In addition, it is sometimes used to treat Alzheimer’s disease, depression and several other conditions. Not enough studies have been done, however, to determine its efficacy at treating these disorders.  While melatonin has also been used to treat insomnia in autistic and otherwise developmentally delayed children, it is generally recommended for adult use only. The suggested dosage amount per person can vary, so you should contact a physician with questions if you’re considering taking melatonin.

According to a 2006 study conducted by the University of Alberta, melatonin can be considered safe for short-term use by most people. However, there are several known side effects of melatonin, the most common of which include:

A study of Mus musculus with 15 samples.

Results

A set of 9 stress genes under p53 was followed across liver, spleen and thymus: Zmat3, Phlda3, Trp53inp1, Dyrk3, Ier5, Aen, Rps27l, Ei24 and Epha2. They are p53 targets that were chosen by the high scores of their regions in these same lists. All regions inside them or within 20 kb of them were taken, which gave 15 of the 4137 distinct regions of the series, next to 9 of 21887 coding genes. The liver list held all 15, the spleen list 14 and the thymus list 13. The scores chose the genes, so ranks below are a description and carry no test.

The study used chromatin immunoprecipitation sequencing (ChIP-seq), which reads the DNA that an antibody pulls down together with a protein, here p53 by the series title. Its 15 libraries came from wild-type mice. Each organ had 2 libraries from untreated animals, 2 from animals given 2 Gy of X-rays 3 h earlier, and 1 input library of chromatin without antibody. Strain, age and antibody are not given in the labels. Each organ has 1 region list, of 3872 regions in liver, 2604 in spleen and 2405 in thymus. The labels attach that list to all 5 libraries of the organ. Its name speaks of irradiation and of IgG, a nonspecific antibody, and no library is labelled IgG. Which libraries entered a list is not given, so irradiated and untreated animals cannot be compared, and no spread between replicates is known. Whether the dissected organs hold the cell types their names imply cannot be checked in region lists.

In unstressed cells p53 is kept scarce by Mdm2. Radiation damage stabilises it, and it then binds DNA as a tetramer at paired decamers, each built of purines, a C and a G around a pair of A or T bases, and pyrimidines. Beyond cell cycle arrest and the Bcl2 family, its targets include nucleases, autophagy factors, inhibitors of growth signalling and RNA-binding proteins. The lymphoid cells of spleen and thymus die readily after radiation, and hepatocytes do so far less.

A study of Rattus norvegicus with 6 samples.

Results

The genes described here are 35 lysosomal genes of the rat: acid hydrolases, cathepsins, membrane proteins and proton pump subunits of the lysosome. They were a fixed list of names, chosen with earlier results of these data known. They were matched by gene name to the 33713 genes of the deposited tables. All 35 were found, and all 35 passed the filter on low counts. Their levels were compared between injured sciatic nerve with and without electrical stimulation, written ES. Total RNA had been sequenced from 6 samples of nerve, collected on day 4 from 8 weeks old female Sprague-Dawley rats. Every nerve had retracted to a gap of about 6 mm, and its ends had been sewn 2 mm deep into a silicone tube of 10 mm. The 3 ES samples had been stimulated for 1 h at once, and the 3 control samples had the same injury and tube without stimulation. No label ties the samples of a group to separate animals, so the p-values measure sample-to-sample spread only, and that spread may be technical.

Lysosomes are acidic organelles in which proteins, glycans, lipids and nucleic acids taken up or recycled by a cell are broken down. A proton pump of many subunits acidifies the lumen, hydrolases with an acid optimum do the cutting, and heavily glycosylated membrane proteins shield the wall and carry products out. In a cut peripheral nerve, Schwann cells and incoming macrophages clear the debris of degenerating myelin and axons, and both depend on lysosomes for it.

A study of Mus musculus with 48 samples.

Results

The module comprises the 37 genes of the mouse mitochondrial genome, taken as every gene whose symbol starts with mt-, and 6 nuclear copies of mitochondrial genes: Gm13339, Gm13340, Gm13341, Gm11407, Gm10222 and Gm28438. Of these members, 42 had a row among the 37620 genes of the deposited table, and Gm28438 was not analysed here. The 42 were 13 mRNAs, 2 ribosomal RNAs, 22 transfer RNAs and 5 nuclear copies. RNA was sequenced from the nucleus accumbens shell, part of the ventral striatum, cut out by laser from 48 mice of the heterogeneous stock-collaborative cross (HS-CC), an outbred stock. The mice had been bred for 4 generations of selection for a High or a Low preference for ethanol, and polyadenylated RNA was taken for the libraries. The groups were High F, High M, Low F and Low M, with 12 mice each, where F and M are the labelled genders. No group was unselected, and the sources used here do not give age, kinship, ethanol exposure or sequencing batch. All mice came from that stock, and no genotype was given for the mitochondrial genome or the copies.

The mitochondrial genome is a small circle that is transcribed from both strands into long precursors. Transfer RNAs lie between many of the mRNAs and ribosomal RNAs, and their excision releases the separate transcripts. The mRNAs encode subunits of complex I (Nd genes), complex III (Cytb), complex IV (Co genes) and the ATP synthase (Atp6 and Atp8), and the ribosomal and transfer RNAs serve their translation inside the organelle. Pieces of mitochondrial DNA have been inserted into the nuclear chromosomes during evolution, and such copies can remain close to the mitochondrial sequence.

Drowsiness and daytime sleepiness Sleepwalking Confusion Headache Dizziness Abdominal discomfort

In addition to the common side effects mentioned, some rare melatonin side effects can include allergic reactions, hives or a skin rash, or swelling of the mouth, tongue, lips or face. Someone who experiences difficulty breathing or other life-threatening conditions should always seek medical attention.

Individuals with certain health conditions, including pregnant women, are also advised against taking melatonin. Most side effects of melatonin can be reduced or avoided by not taking it for extended periods. Look for upset stomach, severe headache or extreme drowsiness as signs of a potential overdose.

People taking melatonin should also be aware of potential interactions with certain medications, including birth control pills, anticoagulants (blood thinners), and diabetes medications. Doctors also advise caution when taking it in combination with other herbs and supplements. To avoid side effects, people are advised to take synthetic melatonin; the natural form is derived from animals, which might carry viruses or disease. Always consult a doctor for advice.